Rab: And Marjorie Fleming. John Leech. Thackeray's Literary Career


Side 57 - Then he would read ballads to her in his own glorious way, the two getting wild with excitement over Gil Morrice or the Baron of Smailholm ; and he would take her on his knee, and make her repeat Constance's speeches in King John, till he swayed to and fro sobbing his fill.
Side 66 - Magdalene once had there, were kneeling at the same stall, and hearing the same hymns and prayers in which her stricken heart had found consolation. Might she sleep in peace — might she sleep in peace ; and we too when our struggles and pains are over ! But the earth is the Lord's, as the heaven is ; we are alike His creatures here and yonder. I took a little flower off the hillock and kissed it, and went my way, like the bird that had just lighted on the cross by me, back into the world again....
Side 21 - Rabbie" — whereupon the stump of a tail rose up, the ears were cocked, the eyes filled, and were comforted; the two friends were reconciled. "Hupp!" and a stroke of the whip were given to Jess; and off went the three. Bob and I buried the Game Chicken that night (we had not much of a tea) in the back-green of his house, in Melville Street, No. 17, with considerable gravity and silence; and being at the time in the Iliad, and, like all boys, Trojans, we called him Hector of course.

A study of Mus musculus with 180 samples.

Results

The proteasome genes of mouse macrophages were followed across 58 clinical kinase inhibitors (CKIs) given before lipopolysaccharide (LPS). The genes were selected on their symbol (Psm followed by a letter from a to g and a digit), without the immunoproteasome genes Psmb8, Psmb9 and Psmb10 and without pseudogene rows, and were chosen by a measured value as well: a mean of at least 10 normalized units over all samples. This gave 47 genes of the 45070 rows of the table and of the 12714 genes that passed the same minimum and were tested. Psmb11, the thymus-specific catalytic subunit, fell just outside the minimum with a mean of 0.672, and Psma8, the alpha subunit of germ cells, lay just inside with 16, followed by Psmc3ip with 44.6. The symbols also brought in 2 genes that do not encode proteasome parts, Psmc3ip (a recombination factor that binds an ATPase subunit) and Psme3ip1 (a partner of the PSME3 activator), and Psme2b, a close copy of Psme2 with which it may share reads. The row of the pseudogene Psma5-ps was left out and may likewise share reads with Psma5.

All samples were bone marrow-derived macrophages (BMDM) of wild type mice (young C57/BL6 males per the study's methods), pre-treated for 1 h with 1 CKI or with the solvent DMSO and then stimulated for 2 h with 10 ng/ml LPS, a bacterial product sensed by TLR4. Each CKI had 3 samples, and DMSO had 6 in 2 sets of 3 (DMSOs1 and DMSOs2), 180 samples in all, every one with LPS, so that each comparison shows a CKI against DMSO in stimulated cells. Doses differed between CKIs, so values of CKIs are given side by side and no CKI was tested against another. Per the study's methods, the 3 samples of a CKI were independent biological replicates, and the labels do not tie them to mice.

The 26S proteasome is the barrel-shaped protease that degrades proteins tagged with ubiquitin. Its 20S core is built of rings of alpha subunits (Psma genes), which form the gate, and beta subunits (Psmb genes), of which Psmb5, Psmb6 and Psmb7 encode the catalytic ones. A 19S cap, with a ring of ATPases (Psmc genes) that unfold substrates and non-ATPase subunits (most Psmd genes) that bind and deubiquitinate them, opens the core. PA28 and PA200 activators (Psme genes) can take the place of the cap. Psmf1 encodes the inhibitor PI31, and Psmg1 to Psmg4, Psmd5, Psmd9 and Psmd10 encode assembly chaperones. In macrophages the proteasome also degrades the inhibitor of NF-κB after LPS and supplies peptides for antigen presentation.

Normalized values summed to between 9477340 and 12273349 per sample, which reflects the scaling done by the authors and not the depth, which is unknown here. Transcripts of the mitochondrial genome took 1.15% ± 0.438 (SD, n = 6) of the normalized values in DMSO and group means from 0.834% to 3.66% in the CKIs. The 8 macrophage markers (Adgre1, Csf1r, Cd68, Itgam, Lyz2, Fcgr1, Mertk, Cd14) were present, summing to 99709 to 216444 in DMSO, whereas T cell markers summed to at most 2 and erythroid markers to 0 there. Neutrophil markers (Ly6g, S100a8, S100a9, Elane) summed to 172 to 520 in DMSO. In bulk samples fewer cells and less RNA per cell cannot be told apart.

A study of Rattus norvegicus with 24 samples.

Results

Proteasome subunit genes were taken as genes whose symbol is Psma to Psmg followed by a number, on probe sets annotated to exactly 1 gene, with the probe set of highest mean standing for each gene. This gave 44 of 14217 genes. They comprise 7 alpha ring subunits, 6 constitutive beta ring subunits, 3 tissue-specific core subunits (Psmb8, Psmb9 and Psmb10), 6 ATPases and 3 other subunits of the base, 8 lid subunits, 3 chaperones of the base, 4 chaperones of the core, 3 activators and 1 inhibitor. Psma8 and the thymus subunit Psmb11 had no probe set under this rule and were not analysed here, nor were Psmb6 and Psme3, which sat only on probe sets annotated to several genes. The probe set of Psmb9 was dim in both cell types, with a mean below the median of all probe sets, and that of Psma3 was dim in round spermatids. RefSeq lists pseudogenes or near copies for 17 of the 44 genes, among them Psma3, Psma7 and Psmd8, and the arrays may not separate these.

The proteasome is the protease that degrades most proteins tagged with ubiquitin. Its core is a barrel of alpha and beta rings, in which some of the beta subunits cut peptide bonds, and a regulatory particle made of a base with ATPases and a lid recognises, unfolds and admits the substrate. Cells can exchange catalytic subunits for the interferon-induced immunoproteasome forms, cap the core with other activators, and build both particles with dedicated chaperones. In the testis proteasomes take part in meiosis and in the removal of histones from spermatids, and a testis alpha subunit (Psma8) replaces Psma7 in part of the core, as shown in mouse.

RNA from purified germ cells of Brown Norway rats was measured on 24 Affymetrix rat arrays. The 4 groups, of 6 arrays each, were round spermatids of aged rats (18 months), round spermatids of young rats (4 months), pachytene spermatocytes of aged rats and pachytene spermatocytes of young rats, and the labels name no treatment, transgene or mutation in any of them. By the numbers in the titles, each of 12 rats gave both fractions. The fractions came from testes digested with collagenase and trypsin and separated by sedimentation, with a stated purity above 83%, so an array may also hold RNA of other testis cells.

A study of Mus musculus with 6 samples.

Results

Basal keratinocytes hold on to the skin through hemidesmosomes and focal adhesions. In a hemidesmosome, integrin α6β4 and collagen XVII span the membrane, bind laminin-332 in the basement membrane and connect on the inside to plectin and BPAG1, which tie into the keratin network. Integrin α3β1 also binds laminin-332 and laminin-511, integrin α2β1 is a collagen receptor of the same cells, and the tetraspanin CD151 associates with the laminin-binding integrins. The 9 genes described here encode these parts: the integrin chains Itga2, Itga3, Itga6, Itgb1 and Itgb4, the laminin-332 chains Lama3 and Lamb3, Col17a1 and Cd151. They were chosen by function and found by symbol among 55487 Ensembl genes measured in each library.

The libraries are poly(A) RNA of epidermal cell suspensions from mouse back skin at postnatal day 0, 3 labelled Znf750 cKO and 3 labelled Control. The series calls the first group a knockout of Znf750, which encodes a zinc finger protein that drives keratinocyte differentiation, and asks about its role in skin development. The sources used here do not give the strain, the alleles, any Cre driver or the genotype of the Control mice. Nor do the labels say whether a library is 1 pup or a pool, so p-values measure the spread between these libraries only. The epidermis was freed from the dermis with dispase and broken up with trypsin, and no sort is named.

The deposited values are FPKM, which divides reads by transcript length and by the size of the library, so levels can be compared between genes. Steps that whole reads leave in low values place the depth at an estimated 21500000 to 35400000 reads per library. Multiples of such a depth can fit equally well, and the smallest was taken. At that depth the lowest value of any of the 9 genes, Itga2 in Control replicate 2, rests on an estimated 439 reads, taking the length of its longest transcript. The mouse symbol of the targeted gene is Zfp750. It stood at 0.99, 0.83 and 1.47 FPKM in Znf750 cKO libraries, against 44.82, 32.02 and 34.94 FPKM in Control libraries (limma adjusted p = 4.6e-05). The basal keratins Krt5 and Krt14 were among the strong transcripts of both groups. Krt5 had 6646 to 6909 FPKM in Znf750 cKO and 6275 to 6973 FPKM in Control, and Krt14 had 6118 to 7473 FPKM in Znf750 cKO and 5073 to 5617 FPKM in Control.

Side 92 - There is no more interesting spectacle than to see the effects of wit upon the different characters of men ; than to observe it expanding caution, relaxing dignity, unfreezing coldness ; teaching age, and care, and pain to smile ; extorting reluctant gleams of pleasure from melancholy, and charming even the pangs of grief. It is pleasant to observe how...
Side 83 - Grief fills the room up of my absent child, Lies in his bed, walks up and down with me, Puts on his pretty looks, repeats his words, Remembers me of all his gracious parts, Stuffs out his vacant garments with his form; Then have I reason to be fond of grief.
Side 30 - And so he did ; and handy and clever, and swift and tender as any woman, was that horny-handed, snell, peremptory little man. Everything she got he gave her : he seldom slept ; and often I saw his small shrewd eyes out of the darkness, fixed on her. As before, they spoke little. Rab behaved well, never moving, showing us how meek and gentle he could be, and occasionally, in his sleep, letting us know that he was demolishing some adversary.
Side 81 - WHY am I loth to leave this earthly scene ! Have I so found it full of pleasing charms ! Some drops of joy with draughts of ill between: Some gleams of sunshine mid renewing storms : Is it departing pangs my soul alarms?
Side 19 - ... makes a brief sort of amende, and is off. The boys, with Bob and me at their head, are after him: down Niddry Street he goes bent on mischief; up the Cowgate like an arrow, — Bob and I, and our small men, panting behind. There, under the single arch of the South Bridge, is a huge mastiff, sauntering down the middle of the causeway, as if with his hands in his pockets...
Side 16 - There is no blinking the fact that in Mr. Punch's cabinet John Leech is the right-hand man. Fancy a number of Punch without Leech's pictures ! What would you give for it? The learned gentlemen who write the work must feel that, without him, it were as well left alone.